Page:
Software development is a competitive business, and disputes over intellectual property can arise when software engineers move to new companies that compete with their former employers.
Should the dispute result in litigation, a source code repository can help an expert witness determine whether a former employee copied a previous employer’s proprietary source code on the way out the door.
When developing software for a business purpose, many software developers employ a source code control mechanism, such as a source code repository. Using a source code repository has many potential benefits for an organization, including:
- Concurrent Development: Repositories usually allow multiple developers to make edits to different parts of the same program simultaneously. Developers can then merge their changes back into the main program.
- Increased Transparency: Most source code repositories require a developer to check out, edit, and then check back in the part of the program he or she was editing. The repository records which developer made changes and when, resulting in a log of updates made to the program over time.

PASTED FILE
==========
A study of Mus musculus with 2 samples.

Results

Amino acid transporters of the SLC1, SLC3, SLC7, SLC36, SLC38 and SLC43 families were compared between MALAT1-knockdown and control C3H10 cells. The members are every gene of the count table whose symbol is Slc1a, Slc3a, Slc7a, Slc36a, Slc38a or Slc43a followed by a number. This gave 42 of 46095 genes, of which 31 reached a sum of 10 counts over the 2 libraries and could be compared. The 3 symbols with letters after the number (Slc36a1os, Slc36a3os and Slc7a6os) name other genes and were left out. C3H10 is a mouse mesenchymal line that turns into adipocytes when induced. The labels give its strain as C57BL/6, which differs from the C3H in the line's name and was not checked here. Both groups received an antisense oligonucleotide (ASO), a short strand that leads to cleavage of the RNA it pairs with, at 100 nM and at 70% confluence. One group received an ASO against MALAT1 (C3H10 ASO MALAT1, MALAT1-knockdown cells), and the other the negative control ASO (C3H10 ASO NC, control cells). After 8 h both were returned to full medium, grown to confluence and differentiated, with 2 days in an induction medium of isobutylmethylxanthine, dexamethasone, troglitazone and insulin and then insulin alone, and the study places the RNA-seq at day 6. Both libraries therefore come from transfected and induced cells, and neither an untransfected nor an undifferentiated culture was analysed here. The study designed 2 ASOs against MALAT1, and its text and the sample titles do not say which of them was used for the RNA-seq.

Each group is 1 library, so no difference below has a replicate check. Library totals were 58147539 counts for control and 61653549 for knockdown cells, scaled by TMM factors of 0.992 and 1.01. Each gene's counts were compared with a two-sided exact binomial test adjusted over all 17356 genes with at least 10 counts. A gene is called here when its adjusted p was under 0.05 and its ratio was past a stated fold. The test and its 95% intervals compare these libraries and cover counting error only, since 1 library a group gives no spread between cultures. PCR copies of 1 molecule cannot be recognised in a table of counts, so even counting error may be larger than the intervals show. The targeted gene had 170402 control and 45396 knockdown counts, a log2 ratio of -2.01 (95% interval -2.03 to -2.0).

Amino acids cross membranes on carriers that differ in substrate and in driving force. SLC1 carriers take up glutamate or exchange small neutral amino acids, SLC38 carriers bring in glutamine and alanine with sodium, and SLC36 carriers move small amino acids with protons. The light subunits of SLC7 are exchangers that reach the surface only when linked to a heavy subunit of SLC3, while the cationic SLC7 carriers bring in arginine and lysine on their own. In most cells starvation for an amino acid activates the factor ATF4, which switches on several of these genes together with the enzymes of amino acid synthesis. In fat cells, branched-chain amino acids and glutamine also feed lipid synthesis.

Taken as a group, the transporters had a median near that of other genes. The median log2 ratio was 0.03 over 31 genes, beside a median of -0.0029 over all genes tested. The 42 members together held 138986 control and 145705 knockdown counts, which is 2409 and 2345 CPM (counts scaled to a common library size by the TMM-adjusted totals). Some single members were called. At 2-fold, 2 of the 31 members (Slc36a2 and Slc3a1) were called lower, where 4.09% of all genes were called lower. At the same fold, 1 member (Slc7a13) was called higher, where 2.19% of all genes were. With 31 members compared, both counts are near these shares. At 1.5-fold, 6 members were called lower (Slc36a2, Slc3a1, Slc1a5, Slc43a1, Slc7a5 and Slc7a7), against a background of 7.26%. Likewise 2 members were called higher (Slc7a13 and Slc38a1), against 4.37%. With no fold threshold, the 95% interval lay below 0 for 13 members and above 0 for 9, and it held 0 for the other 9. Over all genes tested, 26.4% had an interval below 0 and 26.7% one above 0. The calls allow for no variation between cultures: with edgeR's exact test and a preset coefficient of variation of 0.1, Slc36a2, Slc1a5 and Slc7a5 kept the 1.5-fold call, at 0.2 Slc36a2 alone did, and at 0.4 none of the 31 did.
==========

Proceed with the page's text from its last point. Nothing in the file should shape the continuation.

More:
- Version Control: When developers make enough changes to a program stored in a source code repository, they can designate the updated program as a new “version” of the software. A repository also stores previous versions of a program, a feature which allows companies to restore a previous version if, for example, an update introduces a harmful bug.
Regardless of the nature of the dispute, evidence uncovered from a source code repository can provide a robust factual record of a program’s development history, which an expert can use to arrive at supportable and peer-reviewable opinions.
Read the second installment: Source Code Repositories: Reviewing the Right Version of a Program
Read the third installment: Source Code Repositories: Authenticating Production of Source Code
Josh Siegel has substantial experience analyzing copyright, patent, and trade secret claims related software and information technology. Josh performs functional testing, analyzes defect systems and metadata, examines source code in intellectual property disputes, acquires and analyzes data in digital forensics, and finally integrates that data into written reports and testimony.